Christopher Ross Resumes Mediation on Razor’s Edge

Christopher Ross was clear about the sensitive character of his role as UN mediator in the Western Sahara conflict. The UN envoy actually acknowledged, at a meeting in Rabat with Moroccan civil society militants, that he was on a razor’s edge in his delicate mission seeking to unblock the negotiations.
Christopher Ross knows perfectly well that at the slightest misstep, he may suffer the same fate as his predecessor, Peter Van Walsum. In 2008, indeed, this UN mediator had been pressed by Algiers, and to a lesser extent by the Polisario, to step down after he came to the conclusion that the option of independence for Western Sahara was unrealistic. To avoid a repetition of the Van Walsum scenario, Christopher Ross therefore refrains from showing any support for the Morocco-proposed Autonomy plan, in order not to irritate Algiers as did the Dutch mediator.
But at the same time, Christopher Ross, who is too wary to distance himself from Rabat’s proposal, seems too complacent with the standpoints of the Polisario, which are notoriously dictated by Algiers.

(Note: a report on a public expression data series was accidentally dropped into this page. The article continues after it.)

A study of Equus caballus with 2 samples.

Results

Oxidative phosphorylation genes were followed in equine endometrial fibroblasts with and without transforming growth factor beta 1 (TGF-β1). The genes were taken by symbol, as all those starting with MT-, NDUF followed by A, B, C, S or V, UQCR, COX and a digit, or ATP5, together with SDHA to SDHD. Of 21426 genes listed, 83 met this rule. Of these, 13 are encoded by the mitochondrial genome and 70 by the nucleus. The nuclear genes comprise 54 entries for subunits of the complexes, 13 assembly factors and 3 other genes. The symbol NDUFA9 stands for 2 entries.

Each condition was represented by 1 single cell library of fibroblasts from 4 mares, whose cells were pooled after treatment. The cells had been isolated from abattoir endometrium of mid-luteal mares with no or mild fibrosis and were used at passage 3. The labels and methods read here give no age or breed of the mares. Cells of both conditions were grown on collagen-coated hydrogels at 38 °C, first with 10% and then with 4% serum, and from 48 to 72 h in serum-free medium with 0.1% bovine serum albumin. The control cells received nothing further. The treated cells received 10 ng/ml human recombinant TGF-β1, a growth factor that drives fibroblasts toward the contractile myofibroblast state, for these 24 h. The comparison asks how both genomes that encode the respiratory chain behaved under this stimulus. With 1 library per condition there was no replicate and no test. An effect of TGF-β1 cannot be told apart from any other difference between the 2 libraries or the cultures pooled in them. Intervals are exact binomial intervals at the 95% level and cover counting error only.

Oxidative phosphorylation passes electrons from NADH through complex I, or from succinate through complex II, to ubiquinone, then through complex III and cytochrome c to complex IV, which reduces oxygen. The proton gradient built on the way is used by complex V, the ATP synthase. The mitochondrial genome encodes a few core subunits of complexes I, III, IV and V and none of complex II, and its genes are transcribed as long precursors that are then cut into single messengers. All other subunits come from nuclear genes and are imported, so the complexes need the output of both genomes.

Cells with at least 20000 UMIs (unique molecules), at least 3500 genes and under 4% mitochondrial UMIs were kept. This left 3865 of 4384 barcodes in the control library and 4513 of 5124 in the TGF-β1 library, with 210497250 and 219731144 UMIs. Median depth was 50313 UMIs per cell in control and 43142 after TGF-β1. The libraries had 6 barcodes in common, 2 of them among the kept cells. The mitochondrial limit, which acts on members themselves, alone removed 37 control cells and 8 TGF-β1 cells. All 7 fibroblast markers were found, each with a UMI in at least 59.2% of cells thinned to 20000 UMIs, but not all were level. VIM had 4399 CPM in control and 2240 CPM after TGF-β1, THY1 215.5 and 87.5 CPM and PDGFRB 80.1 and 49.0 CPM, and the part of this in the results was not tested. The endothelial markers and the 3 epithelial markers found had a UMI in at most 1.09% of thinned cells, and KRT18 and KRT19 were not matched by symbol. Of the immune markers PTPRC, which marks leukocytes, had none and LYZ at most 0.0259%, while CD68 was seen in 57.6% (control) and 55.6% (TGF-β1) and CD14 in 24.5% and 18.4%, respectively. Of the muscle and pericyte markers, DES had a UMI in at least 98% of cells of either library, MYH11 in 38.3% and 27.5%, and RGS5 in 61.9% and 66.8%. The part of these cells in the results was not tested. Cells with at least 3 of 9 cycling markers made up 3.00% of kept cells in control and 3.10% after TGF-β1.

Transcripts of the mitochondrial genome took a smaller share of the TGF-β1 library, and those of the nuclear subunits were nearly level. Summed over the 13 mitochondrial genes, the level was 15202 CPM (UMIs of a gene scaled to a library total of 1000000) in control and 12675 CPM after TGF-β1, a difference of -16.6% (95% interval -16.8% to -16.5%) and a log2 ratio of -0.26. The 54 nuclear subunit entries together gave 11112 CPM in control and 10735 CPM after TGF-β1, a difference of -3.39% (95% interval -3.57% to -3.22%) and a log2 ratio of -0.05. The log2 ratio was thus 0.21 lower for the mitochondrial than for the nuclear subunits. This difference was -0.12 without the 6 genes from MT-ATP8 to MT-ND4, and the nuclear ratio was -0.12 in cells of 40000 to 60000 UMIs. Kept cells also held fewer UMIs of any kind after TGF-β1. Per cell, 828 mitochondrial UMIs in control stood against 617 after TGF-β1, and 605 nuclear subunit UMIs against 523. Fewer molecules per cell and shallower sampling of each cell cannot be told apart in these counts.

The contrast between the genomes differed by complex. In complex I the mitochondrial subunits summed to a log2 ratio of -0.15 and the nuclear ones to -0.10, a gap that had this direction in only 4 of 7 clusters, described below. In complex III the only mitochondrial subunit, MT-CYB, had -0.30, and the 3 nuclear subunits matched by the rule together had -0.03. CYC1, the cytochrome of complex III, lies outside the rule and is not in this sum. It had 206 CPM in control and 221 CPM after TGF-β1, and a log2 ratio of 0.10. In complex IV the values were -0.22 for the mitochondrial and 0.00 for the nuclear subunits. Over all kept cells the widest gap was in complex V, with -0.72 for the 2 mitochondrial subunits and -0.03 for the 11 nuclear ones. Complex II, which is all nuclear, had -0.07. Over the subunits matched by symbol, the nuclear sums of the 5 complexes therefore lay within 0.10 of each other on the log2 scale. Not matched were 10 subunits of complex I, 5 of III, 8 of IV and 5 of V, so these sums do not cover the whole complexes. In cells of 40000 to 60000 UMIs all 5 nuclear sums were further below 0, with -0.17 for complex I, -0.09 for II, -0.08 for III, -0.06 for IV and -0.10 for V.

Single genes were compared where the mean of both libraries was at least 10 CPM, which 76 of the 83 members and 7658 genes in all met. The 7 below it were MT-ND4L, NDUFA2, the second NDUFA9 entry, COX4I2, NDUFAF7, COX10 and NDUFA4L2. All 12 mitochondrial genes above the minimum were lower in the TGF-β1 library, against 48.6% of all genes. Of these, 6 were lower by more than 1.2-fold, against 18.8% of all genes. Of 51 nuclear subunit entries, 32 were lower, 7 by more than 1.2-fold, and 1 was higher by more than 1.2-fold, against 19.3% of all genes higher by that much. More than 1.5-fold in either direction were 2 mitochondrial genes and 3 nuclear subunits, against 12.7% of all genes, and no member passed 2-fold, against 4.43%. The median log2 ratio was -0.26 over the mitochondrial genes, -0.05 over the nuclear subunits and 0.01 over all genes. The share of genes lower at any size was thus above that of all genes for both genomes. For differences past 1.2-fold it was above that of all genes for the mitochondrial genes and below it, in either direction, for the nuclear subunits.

Consequently, he has focused his attention on the marginal issue of attempts to revise the MINURSO prerogatives, setting aside the main objective of resuming the negotiations on a realistic basis, as recommended by the Security Council. The justification put forward is the fact that he was stuck in the deadlock of the informal negotiations which were going around in circles. Now that things have been clarified as to the ultimate goal of the negotiations, Ross resumes his mediation role, keeping in mind the Security Council resolutions.

However, Christopher Ross is now forced to maneuver skillfully, knowing that the Moroccan autonomy proposal is considered a solid basis for negotiation by the international community and the major powers, including the United States, and the US Secretary of State Hillary Clinton who renewed last September 13 Washington’s position on the issue. “The United States made it clear that the Moroccan autonomy plan for Western Sahara is serious, realistic and credible,” the U.S. official had then insisted.